Many communities are opening up parks, stores, restaurants, hair salons and more. And of course, every school district in the world is struggling with the question of how to open schools safely. Very few places have done enough testing to know how widespread the coronavirus is in their communities, so the risk of infection remains real. However real, though, the risks of various activities are not equal and by applying what’s known about how coronavirus survives in different environments, we can rank those risks based on some pretty simple variables.
Before we look at those variables, you need to know this: in order to become infected with coronavirus, you have to breathe in more than a single viral particle. The exact number of SARS-CoV-2 viral particles needed to make you sick (aka the infectious dose) has not been determined, but comparison with similar viruses, and some clinical and epidemiological evidence, suggest that around 1000 infectious viral particles are needed. You could inhale 100 particles in a single breath, or you could accumulate 1000 particles over many breaths. (Of course, you could transfer 1000 particles to your eyes or mouth by touching a contaminated surface and then your face. Wash your hands! Don’t touch your face!)
If we start with the principle that you need to accumulate 1000 viral particles to get sick, your risk evaluation for any given activity boils down to just five factors:
- How big is the space you’re in and how many people are in it?
- What’s that space like?
- How long are you spending in that space?
- What are you doing in that space?
- How likely is it that there’s an infected person in that space?
Factor one is easy: the bigger the space, the lower the risk. Complications like ventilation aside, any virus exhaled by an infected person will be diluted in all that air. So, you will accumulate fewer viral particles per breath and be less likely to reach that infectious dose.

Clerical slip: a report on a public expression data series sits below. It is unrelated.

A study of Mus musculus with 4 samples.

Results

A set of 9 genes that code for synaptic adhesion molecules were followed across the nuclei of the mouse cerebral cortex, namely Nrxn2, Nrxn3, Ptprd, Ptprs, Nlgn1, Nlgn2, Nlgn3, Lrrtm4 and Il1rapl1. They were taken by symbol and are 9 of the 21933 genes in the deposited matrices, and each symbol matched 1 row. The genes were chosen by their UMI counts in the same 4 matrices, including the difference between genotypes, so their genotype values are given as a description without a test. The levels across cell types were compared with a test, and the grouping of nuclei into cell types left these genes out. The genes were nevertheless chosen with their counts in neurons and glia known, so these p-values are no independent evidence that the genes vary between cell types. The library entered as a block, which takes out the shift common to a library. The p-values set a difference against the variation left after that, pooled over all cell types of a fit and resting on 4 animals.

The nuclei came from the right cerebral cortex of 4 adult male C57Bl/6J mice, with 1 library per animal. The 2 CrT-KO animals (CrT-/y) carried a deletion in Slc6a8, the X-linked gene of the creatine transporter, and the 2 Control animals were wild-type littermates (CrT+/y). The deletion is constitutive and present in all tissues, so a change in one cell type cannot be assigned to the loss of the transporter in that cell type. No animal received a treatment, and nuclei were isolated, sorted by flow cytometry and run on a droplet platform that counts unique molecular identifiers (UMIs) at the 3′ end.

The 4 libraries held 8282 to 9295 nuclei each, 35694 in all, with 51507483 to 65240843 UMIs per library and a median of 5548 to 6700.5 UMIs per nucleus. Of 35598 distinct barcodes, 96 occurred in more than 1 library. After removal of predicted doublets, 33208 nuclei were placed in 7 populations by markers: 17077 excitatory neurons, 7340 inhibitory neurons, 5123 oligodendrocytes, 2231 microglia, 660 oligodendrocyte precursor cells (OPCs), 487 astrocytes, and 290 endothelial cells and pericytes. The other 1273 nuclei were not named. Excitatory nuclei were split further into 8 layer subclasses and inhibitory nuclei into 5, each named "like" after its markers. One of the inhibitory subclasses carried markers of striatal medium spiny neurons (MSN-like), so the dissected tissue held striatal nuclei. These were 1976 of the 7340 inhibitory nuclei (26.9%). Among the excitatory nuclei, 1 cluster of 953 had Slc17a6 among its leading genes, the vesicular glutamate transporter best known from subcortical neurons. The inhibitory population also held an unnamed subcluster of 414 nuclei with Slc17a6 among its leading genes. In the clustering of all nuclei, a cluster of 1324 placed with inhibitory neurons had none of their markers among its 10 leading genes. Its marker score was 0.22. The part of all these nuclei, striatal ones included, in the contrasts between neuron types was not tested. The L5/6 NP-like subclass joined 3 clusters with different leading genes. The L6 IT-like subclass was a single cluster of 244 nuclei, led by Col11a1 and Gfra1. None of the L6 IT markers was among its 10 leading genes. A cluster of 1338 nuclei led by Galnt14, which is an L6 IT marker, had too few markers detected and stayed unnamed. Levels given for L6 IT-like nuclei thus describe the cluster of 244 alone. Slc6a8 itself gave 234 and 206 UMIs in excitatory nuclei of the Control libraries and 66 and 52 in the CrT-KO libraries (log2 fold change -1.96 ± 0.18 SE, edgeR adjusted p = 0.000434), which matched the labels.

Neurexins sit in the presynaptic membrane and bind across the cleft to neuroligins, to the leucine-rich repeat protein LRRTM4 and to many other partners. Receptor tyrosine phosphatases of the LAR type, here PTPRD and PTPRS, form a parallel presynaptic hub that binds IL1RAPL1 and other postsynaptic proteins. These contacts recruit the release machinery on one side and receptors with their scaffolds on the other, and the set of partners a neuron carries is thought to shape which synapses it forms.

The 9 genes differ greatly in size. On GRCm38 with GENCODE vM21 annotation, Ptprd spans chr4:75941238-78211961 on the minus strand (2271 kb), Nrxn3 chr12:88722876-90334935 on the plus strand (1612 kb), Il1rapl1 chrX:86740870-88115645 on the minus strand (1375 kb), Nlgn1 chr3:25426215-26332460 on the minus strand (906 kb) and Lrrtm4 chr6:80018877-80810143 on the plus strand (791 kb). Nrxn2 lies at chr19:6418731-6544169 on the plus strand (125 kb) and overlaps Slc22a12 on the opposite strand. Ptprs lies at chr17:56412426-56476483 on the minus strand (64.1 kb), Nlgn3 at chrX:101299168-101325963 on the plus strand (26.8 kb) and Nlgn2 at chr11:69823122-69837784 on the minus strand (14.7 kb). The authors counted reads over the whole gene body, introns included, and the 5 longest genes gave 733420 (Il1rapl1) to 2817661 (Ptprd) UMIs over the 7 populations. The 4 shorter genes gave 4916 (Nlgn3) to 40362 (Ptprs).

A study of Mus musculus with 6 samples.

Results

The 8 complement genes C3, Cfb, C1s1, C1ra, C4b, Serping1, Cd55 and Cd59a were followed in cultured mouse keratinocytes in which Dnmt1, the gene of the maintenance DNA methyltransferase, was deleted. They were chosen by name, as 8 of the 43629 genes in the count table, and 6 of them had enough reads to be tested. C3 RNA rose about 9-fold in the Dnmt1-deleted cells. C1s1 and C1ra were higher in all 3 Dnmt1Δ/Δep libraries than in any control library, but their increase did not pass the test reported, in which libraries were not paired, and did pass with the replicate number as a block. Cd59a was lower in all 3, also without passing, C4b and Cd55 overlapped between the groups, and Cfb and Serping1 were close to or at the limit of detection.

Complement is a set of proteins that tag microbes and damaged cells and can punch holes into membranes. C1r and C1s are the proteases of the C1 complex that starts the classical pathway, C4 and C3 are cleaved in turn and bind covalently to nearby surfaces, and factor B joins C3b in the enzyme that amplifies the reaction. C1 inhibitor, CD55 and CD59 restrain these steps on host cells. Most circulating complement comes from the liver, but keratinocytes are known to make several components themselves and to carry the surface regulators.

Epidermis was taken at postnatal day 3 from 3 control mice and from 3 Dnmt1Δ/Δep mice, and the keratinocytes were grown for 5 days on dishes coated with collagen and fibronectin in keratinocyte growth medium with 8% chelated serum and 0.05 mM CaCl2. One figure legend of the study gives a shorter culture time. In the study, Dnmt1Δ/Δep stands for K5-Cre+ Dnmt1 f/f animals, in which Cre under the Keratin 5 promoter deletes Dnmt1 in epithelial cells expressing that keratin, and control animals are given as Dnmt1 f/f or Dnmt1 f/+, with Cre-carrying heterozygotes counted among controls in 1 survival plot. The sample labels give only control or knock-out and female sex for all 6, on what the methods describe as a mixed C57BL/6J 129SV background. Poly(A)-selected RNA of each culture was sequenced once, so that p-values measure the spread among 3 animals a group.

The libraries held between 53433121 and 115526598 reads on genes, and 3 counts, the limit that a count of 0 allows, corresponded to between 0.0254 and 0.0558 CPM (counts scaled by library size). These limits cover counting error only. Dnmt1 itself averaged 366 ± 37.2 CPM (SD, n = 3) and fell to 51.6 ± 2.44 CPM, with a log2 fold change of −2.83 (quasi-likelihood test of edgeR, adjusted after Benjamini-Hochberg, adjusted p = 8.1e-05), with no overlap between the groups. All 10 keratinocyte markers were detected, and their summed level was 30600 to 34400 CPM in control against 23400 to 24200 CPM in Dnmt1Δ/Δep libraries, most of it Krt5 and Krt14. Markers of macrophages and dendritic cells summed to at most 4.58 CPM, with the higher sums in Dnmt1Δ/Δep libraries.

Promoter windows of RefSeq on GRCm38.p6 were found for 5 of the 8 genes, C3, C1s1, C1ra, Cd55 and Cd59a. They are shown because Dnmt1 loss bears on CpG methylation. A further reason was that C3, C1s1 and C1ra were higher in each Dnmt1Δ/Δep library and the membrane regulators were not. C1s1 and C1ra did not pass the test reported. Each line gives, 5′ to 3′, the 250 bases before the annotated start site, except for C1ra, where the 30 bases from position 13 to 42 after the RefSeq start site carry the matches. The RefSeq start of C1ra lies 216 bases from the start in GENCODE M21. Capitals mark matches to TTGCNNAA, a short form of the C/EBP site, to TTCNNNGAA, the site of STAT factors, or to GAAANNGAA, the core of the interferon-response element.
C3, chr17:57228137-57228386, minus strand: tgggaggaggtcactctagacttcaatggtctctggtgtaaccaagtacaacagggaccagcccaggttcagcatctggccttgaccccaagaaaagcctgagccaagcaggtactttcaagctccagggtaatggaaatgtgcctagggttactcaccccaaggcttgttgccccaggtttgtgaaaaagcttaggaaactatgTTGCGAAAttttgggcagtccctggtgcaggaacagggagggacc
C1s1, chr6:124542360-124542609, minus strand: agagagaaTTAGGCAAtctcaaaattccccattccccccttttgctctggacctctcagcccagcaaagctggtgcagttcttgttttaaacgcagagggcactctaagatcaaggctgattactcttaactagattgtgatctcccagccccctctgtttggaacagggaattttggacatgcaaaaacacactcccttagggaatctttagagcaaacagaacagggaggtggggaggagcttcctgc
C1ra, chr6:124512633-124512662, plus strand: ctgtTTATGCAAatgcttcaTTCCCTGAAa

Factor two takes into account how long the virus is likely to survive in the air. Bright sunshine is hard on the virus. The virus stays viable longer in relatively cooler temperatures. If it’s windy or the room has lots of open windows, the virus will get diluted (thus, fewer infectious particles per breath).
Factor three is straightforward: the longer you’re in a space with virus in the air, the more likely you’ll accumulate an infectious dose.
Factor four is a little more complicated. And that’s because of physics. It matters how much virus is in each exhalation, and it matters whether that virus is contained in a tiny droplet of moisture (like a fine mist) or in big globs (like in spit—just don’t spit at all, OK; it’s gross). Between mist and spit there are other droplet sizes. Coughs and sneezes eject big droplets. Heavy breathing, like during a hard workout, ejects medium-sized ones. Shouting and singing eject smaller ones (but those droplets travel pretty far). Finally, soft talking or just quiet breathing eject the smallest droplets of all.
Finally, factor five. Obviously, there’s no risk of infection if there isn’t anyone carrying the virus sharing your air space. Figuring out how much weight to give this factor depends on the community you live in, and what the people in your community do. Are there lots of first responders like police and firefighters? Essential workers like grocery clerks? Do most people commute via public transportation? These groups are more likely to be infected.
OK. So now you have all the tools you need to compare risks, and try to reduce them for any given activity.
Next, in Part II, we’ll put this toolkit to use evaluating different scenarios. Have a scenario you want us to evaluate? Email Director of Teacher Support Lin Andrews at email@example.com.